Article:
A gathering of brains, ears and hearts – eight seminars on organoids

EMBL Barcelona, the latest centre to settle in the PRBB, is looking for two new group leaders to further the research on how tissues and organs develop. Eight bright scientists are up for the challenge.

Credit: Collin Edington and Iris Lee, Koch Institute MIT. CC BY-NC-ND

Brain organoid. By Collin Edington and Iris Lee, Koch Institute MIT. CC BY-NC-ND

Engineered blood vessels, livers, malaria, ZIKA and the inner ear were some of the varied protagonists of a series of talks that took place last January 14-15 at the Barcelona Biomedical Research Park (PRBB). The occasion was the selection of two new group leaders for the latest centre to arrive at the park, the European Molecular Biology Laboratory – Barcelona (EMBL).

The eight candidates, all junior researchers coming from a variety of institutes and universities from all over the world – from Cambridge (UK), Heidelberg, Copenhagen or Vienna to Stanford, Seattle and the MIT – gave 45 min talks about their latest work, as well as their future research plans. Organoids were a common thread to many of the talks.

The audience could hear Kristina Haase talking about self-assembled capillaries that can be perfused and used to study pre-eclampsia, drug transport in cancer microenvironments or ischemia. Maria Bernabeu Aznar, using pre-patterned gels to develop blood vessels, talked about the relationship between the blood brain barrier, vascular pathology and malaria. Veronica Krenn showed how she could create brain organoids that reproduce microcephaly phenotypes – like those caused by the ZIKA virus – and how these tiny brains have shed some light on a type of interferon with therapeutic potential.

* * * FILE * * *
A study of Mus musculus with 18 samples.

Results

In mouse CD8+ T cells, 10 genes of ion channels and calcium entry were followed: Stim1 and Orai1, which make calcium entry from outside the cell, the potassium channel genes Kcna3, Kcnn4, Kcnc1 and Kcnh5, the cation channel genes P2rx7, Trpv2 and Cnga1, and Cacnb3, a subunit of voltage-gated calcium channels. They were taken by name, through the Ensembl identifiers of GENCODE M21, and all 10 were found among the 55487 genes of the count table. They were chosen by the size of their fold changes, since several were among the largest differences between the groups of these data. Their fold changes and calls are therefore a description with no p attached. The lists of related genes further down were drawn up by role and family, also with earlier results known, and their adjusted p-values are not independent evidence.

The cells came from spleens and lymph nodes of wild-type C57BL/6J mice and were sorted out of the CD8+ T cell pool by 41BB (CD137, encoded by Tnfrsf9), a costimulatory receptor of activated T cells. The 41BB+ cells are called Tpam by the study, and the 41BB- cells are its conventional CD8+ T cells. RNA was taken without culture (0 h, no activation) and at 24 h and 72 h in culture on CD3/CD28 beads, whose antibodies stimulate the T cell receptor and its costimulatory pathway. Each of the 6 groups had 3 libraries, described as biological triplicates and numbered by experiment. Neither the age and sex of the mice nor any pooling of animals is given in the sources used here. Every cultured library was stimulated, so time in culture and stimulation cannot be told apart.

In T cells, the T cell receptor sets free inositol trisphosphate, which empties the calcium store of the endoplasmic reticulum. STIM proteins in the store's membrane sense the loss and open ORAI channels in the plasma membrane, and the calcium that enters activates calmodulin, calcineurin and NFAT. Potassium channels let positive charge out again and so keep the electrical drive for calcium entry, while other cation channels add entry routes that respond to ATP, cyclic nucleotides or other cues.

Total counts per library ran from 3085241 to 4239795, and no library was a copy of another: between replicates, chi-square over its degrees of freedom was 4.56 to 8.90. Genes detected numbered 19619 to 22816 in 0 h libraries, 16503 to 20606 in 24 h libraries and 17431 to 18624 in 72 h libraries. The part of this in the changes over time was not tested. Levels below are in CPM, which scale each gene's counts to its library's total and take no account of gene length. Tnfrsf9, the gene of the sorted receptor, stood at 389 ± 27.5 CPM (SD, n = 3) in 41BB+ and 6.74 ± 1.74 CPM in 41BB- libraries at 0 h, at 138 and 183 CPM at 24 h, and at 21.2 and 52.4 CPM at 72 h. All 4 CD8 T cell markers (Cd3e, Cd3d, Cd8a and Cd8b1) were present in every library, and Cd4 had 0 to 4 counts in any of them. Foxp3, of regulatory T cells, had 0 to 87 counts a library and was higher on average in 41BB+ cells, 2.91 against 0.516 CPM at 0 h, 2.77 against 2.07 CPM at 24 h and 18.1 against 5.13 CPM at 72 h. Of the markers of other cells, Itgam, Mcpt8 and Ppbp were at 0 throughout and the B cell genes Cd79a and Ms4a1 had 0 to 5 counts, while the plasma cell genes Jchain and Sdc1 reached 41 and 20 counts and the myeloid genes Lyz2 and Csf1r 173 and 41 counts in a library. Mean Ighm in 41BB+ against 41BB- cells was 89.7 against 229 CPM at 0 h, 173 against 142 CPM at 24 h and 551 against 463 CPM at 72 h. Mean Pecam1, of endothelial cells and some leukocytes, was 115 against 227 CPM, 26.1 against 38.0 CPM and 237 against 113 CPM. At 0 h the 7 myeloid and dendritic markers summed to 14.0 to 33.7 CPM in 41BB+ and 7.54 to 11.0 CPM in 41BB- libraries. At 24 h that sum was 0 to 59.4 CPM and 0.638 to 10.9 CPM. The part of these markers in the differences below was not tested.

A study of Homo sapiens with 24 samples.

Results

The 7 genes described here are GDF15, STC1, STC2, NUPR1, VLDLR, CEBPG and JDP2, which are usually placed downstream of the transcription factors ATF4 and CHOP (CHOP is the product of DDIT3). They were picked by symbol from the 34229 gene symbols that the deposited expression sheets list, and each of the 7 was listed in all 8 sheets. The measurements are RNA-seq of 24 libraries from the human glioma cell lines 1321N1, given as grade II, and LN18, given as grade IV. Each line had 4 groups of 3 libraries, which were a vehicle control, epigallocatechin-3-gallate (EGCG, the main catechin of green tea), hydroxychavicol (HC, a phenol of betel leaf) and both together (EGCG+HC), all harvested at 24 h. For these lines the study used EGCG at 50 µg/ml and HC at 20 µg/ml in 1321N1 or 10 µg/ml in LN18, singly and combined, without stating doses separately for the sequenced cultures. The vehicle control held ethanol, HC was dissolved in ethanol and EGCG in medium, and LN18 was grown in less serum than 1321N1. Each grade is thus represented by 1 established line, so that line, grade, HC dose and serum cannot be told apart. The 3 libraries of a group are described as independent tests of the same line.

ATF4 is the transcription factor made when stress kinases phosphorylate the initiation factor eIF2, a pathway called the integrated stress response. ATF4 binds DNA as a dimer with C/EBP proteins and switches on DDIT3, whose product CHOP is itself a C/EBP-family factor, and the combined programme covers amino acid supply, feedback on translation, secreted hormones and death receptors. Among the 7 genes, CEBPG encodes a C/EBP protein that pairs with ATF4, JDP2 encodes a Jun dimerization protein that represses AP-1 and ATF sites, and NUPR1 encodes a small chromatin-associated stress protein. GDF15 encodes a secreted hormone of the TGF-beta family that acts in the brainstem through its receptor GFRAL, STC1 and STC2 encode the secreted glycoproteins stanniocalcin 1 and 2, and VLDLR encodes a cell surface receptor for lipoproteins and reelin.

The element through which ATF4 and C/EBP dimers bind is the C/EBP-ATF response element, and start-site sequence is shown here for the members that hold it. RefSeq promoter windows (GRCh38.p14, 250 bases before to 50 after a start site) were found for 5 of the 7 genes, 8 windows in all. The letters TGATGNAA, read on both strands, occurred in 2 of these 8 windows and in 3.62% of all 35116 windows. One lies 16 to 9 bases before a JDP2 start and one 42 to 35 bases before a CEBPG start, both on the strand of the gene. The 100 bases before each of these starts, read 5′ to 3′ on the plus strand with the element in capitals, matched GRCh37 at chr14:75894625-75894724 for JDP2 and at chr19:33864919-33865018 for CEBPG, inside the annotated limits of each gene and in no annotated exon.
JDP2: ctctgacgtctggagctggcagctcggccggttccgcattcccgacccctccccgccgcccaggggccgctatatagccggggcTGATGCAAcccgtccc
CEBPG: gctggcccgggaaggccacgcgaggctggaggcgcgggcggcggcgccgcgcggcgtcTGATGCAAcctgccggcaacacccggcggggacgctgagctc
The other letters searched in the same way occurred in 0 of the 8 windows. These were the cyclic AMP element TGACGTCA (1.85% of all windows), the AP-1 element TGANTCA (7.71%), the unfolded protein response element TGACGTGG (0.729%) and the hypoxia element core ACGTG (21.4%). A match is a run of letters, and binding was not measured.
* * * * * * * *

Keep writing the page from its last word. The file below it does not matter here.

Among other speakers, Luigi Aloia talked about the epigenetic mechanisms driving adult liver regeneration and organoid formation. Weng Chuan Peng from Stanford introduced a different angle by using tissue repair in the liver as a strategy to understand the potential to culture cells in vitro. Another popular organoid, the one made from intestinal crypts, was also well represented in the talks of Megan Stanifer and Jordi Guiu. Megan talked about the use of intestinal organoids as a model system to study host-pathogen interaction and Jordi combined mouse transgenics and molecular biology to trace the origin of adult intestinal stem cells. 

The last speaker of the event, Marta Roccio, brought the audience from thoughts to sounds, leaving for a moment the brain on second term and focusing on her inner ear organoids, which she uses as hearing loss models. With them she aims to study the development, degeneration and regeneration of this complex sensory system.

Which of these brilliant young researchers will join us as new group leaders at EMBL Barcelona? Whoever they are, the PRBB community is looking forward to welcoming them. Watch this space!